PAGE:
It’s early but we’re hopeful that the annual budget process is off to a good start in Westerly this year. School and municipal leaders met Monday to discuss overarching goals for each body and how they intend to reach those goals.And there was some talk too about the format of the school budget because if it’s budget season in Westerly there’s talk about the school budget format and bringing it into 21st-century transparency.
This is Superintendent Mark Garceau’s first shot at a budget here and we have to believe he understands the task at hand regarding others being able to decipher the proposed education budget. And we hope he feels this is a small matter. A small matter in that many of us are confounded by how this goal could have been considered for so long as a Herculean task — which is how the previous superintendent and finance director made it seem — with the technology that exists in 2017.
Garceau said he plans to use Cranston as a model. We’ve heard Chariho has a more readable format that Westerly’s previous documents as well. This is a ludicrous discussion at this point since it has been a topic for several years now, with Finance Board Chairman D. Jay Goodman making it his personal goal to get a document that makes even a basic analysis possible. We’ll stand by to see where this edition of this battle goes this year.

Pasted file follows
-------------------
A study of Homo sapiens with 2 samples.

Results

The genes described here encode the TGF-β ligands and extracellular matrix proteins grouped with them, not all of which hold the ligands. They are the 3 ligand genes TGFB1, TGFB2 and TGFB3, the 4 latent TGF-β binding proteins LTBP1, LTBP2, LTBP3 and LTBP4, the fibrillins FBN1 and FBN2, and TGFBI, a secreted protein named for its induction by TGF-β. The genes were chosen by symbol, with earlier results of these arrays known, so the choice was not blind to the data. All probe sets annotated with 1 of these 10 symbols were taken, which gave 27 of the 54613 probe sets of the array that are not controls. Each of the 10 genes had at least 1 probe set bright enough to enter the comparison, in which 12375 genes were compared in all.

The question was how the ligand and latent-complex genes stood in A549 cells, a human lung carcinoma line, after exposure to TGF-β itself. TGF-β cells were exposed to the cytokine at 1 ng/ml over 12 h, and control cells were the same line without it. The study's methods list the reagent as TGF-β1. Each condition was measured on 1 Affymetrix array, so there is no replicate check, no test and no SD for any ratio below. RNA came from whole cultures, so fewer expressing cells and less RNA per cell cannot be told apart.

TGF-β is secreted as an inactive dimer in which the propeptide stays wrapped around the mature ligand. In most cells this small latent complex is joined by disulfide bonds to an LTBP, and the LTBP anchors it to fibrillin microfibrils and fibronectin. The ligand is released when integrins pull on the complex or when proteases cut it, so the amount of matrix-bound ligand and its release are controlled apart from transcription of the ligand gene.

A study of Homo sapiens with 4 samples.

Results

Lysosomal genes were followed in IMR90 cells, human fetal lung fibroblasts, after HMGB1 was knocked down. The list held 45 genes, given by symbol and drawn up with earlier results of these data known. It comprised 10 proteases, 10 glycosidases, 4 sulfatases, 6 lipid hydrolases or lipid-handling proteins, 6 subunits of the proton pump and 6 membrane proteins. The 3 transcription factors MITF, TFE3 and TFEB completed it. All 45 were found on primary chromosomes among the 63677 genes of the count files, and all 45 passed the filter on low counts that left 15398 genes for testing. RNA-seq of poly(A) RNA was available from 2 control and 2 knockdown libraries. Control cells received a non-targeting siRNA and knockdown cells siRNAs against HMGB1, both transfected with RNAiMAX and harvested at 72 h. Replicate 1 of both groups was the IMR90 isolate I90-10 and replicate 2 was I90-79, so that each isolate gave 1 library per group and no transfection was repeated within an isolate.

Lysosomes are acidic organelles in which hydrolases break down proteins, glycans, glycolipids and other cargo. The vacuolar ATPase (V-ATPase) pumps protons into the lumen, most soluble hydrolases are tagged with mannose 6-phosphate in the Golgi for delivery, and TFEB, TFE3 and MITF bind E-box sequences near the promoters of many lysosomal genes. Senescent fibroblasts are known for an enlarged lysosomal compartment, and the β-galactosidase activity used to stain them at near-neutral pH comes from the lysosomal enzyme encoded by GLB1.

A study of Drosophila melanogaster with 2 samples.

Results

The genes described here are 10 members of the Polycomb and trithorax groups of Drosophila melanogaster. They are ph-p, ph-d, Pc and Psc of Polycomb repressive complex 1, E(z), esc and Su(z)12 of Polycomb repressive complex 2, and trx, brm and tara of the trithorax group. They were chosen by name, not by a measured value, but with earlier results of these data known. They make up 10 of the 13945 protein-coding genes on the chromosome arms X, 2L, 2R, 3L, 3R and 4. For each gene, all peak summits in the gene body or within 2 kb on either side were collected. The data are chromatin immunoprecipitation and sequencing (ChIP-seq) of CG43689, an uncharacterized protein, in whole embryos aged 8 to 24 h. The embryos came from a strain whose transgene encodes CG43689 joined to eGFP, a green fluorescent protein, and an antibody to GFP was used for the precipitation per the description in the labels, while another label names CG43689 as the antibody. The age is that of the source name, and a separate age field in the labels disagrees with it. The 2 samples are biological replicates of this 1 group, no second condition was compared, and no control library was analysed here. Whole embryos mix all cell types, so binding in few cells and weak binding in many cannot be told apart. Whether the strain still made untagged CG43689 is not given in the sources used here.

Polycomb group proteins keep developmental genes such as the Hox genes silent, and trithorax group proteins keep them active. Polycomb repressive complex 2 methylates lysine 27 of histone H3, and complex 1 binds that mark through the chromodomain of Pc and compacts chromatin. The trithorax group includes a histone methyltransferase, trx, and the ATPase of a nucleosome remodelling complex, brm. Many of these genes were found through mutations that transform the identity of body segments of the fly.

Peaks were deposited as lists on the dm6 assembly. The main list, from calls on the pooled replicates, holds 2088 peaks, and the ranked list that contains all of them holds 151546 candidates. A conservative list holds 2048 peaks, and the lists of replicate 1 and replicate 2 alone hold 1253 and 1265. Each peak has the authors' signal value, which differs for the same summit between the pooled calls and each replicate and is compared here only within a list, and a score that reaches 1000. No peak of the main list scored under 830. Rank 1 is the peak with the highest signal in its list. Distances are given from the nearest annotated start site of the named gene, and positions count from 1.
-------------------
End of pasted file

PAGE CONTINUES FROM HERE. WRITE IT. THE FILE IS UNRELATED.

On the municipal side we are encouraged by Town Manager Derrik Kennedy’s approach to create a three-year road improvement plan that calls for residents to vote on borrowing for road projects every three years. Kennedy and others would develop a list of roads to be repaired for each round of funding.
He also is proposing the creation of other accounts to build revenue over time to fund expenses for infrastructure improvements, replacement vehicles and recreation facilities, which are the subject of a town effort to create a master plan for public recreation opportunities and facilities.
We also like his idea to include in this year’s budget process a discussion about the need to codify the collaborative approach between the town and school district for maintenance of athletic fields. The collaboration has been problematic since it started years ago when consolidation was the key word in municipalities large and small grappling with the recession.
Additionally, Kenney wants to shore up the municipal pension fund and surplus in hopes of improving the town’s bond rating, which in turn lowers interest rates the town has to pay when borrowing for projects.
It’s early, but the budget process in Westerly appears to be off to a good start.